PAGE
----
Thursday, April 26, 2002
By Heide Seward, Research Fellow
On April 25th, the Ms. Foundation for Women celebrated the tenth anniversary of “Take Our Daughters To Work Day,” an ongoing effort to introduce young girls to the world of work and to encourage them to begin thinking about their careers. According to their website the project was created in order to combat the negative self-esteem often associated with early adolescence and to “[provide] access to new choices and possibilities beyond traditional roles and expectations.” Participating businesses & other organizations are encouraged to introduce girls to the practical aspects of the working world, to “think about more opportunities for women workers” and to “demonstrate their commitment to the advancement of women in the workplace.” Sounds like a good idea at first glance: Encouraging young girls to think seriously about their future and introducing them to positive professional role models. A closer look, however, reveals a less innocuous angle.
For one thing, the organizers just can’t seem to resist the temptation to cast women in the role of victim. Here’s one rather revealing quote about the history of this project from Ms. Foundation president, Mary C. Wilson: “When girls came into offices, factories, and firehouses, we knew they would see opportunities for their future, but we also anticipated that girls would perceive inequities in the workplace and ask the hard questions that have no easy answers – like why most of the bosses were men and can you have a family and work here too?” It seems doubtful that most young girls would note such “inequities” unless an adult pointed them out. What a great way to begin indoctrinating young girls into feminist thinking and to perpetuate the war between the sexes.
In addition boys have been excluded throughout the history of this event. Organizers have grudgingly agreed to include them in future observances, but apparently they are welcome only if they “express interest in non-traditional careers.” So, as long as we’re talking about boys who want to be kindergarten teachers or dental hygienists, they can join in. Boys who would rather be firemen or doctors might not be so welcome.
Boys have their own set of adolescent issues to deal with. In fact, they are far more likely than girls to have problems with alcohol and drugs and to wind up in juvenile court. Boys tend to have lower grade point averages than girls, and they are much more likely than girls to be diagnosed as learning disabled and to drop out of school. Boys need positive professional role models as much as and maybe more than girls do. And social science is now confirming what we already knew instinctively: Male/female differences are not just a matter of socialization. They are innate. Boys are different from girls, and they need to be socialized differently, in ways that account for their natural aggressiveness and boisterousness – characteristics that can become assets if channeled in the right direction. But professional educators and child development experts still tend to regard such natural differences as pathologies, and one method of “treatment” is attempting to get boys to act more like girls. The Ms. Foundation, it seems, is only too happy to go along with this attempt to feminize boys.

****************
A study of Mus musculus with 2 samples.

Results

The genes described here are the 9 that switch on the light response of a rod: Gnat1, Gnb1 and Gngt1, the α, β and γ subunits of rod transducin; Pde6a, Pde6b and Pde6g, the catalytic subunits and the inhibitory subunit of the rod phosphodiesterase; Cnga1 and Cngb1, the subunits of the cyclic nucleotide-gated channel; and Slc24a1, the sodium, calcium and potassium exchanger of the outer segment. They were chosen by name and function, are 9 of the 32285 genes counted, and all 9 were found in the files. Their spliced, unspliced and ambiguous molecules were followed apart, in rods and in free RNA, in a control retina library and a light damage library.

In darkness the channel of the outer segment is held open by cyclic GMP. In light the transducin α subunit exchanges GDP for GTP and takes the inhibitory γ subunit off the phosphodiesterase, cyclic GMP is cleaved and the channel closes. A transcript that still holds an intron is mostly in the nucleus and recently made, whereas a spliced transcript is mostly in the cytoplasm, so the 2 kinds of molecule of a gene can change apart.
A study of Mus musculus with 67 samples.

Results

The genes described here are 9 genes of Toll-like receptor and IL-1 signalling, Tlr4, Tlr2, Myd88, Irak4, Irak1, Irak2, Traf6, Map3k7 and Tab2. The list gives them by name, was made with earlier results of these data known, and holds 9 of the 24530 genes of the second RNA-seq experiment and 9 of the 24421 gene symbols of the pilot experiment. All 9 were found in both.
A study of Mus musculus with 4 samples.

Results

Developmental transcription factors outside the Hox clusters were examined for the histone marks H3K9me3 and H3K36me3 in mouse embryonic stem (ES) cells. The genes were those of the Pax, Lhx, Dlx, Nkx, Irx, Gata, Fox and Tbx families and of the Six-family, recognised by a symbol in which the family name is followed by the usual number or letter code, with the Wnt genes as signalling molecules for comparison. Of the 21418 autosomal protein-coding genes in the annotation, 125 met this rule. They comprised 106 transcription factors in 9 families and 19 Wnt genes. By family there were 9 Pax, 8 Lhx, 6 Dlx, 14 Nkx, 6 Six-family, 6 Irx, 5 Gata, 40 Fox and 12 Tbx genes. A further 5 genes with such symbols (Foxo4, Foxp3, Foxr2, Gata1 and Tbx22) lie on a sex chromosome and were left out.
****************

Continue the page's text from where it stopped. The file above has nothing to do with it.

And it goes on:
Perhaps the most insidious aspect of the Take-Our-Daughters-to-Work mentality has to do with the not-so-subtle message that a person’s worth is measured by career and salary. The end result of such priorities was the subject of last week’s Dot.Commentary – age-related infertility. This is a fancy-sounding name for a very simple truth – that while women are focusing exclusively on their careers, the so-called “biological clock” is ticking. This is a stark reality that medical science has yet to conquer, even in the age of cutting edge fertility treatments. A recent Time magazine article and a story on the “60 Minutes” program focused on the extent to which many young women have, in effect, squandered their fertility by deliberately postponing childbearing into their 30s and 40s. Whether because they were lulled into complacency by ignorance or the false promises of the fertility industry or simply because they put off “settling down” in favor of climbing the career ladder, more women than ever age 40-44 – 20% as of 2000 – have not started a family. Certainly some of these women are childless by choice; others simply did not find the right person to marry until late. But perhaps some were so persuaded by feminist rhetoric about the necessity of establishing one’s self on the career ladder before starting a family that they neglected to pay attention to the time limits on their fertility.
There is no reason we should not take our daughters – or nieces, friends’ and neighbors’ children – to work on this occasion. But we should be aware that they could be learning some lessons that will give them a distorted view of reality. Teaching young girls to pursue excellence in whatever career path they choose is a worthy goal. Teaching them to automatically blame men for their failures is not. Neither is it helpful to encourage the notion that it is more important to have a successful career than to have a life.